The man steering Hewlett Packard Co.'s marketing as it morphs into an end-to-end IT services giant spent the previous 17 years promoting theme parks. And Senior VP-CMO Michael Mendenhall, who joined HP last October from Walt Disney Co., where he managed marketing and communication for its Parks and Resorts business, said it couldn't be an easier transition.
“If you look at the heritage of these two companies, both were founded on this spirit of invention and optimism of what the future holds,” Mendenhall said. “Both companies embody that spirit today.”
Optimism certainly describes Mendenhall's attitude toward HP's ambitious plans, which span from recasting its image in the wake of recent acquisitions to cutting greenhouse gases and its carbon footprint.
Those endeavors won't be without growing pains, though: In mid September, HP announced plans to cut 24,000 jobs, or about 7.5% of its workforce, to realize cost savings from the purchase of back-end services leader EDS, a deal which closed in August at an estimated cost of $13.9 billion.
The acquisition, which follows other purchases including the 2002 buyout of Compaq Computer Corp, gives HP the “end-to-end capabilities to meet any IT need,” Mendenhall said. “It gives us terrific ability to go after share, and it complements what we already do.”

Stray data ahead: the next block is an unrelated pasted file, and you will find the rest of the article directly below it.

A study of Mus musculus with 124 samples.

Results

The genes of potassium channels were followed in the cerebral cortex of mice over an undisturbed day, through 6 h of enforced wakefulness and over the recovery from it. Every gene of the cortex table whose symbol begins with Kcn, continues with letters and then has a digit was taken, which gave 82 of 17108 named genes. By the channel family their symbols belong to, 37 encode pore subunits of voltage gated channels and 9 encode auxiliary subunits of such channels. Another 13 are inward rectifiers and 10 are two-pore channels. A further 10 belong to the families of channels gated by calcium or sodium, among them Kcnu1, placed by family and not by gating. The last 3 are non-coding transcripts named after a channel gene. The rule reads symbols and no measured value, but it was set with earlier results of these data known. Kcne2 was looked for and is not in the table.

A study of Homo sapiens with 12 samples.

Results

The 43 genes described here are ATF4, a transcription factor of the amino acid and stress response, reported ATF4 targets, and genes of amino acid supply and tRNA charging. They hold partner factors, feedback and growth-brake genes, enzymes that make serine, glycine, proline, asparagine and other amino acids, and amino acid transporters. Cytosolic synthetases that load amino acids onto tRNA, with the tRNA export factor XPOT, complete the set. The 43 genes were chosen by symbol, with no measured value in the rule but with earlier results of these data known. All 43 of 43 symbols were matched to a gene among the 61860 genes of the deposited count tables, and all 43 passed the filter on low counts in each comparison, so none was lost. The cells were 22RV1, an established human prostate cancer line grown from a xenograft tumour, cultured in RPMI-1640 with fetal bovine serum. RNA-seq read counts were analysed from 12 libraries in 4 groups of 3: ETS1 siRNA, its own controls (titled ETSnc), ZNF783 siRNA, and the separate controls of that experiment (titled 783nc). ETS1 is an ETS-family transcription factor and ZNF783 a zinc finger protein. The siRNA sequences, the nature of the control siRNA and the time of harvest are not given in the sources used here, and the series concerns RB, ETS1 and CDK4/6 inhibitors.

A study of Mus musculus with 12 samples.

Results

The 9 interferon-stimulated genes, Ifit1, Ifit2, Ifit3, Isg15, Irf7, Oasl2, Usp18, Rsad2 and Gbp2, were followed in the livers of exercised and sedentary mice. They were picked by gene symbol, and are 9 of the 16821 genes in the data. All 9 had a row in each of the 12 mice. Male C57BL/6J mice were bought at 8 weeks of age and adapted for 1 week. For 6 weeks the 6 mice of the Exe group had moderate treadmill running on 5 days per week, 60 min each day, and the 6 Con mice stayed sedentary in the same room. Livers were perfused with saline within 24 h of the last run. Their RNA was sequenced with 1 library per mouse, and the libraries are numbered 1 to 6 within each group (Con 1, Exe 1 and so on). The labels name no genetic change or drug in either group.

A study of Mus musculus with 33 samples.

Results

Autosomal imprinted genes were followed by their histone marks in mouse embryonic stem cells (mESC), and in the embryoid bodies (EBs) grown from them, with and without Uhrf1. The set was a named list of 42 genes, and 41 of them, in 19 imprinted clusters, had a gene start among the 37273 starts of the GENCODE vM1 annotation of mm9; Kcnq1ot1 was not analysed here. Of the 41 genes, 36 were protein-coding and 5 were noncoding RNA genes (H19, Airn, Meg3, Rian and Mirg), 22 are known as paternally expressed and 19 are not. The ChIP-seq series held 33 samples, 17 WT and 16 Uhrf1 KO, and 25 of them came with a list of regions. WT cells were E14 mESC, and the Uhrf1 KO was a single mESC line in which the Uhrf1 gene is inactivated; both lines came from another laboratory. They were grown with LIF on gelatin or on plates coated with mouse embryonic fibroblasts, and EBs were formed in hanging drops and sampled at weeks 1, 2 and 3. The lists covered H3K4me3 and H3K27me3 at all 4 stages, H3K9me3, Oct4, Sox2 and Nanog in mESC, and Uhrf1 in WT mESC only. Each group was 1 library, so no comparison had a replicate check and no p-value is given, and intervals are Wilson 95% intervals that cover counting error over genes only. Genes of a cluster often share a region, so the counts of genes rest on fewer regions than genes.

While traditional b-to-b and consumer advertising is still important--last year HP rolled out a $300 million global ad campaign for it printing and imaging business--a big part of Mendenhall's marketing strategy over the last year focused on the recently relaunched HP Labs. Instead of more than 100 smaller research projects, the HP research arm now focuses on about 20-30 areas, including Sustainability, Intelligent Infrastructure and Dynamic Cloud Services, or Web services personalized based on person's location, calendar or community.
“By putting a finite focus on the labs we can bring to market the findings quicker,” Mendenhall said, pointing to recent Labs products, such as its Dynamic Smart Cooling system, a way to reduce data center cooling costs by 25% to 40%.
A big part of HP Labs is HP IdeaLab, a site that allows people to test emerging technologies for free, distribute them virally and then report back their findings in HP blogs. Mediascape, also called the Mscape toolkit, is one such technology that was rolled out via IdeaLab. The software, which works with a global positioning system device, enables users to create location-based games, tours and experiences, and, so far, it's been widely embraced, even being used for oil exploration, Mendenhall said.
Work from its Sustainability Lab has helped HP to build its image as a pioneer in this space, he said, from its program to recycle ink jet cartridges to its environmental packaging label, which lists the amount of energy a certain product consumes and what percentage of the product was made with recycled materials.
HP Labs is “a big piece of how we define the HP brand,” Mendenhall said. “It makes it incredibly clear to our customers and consumers that HP is a company that's leading and defining new innovation. And we'll constantly innovate to provide our customers with the products and tools and services that will help them compete today.”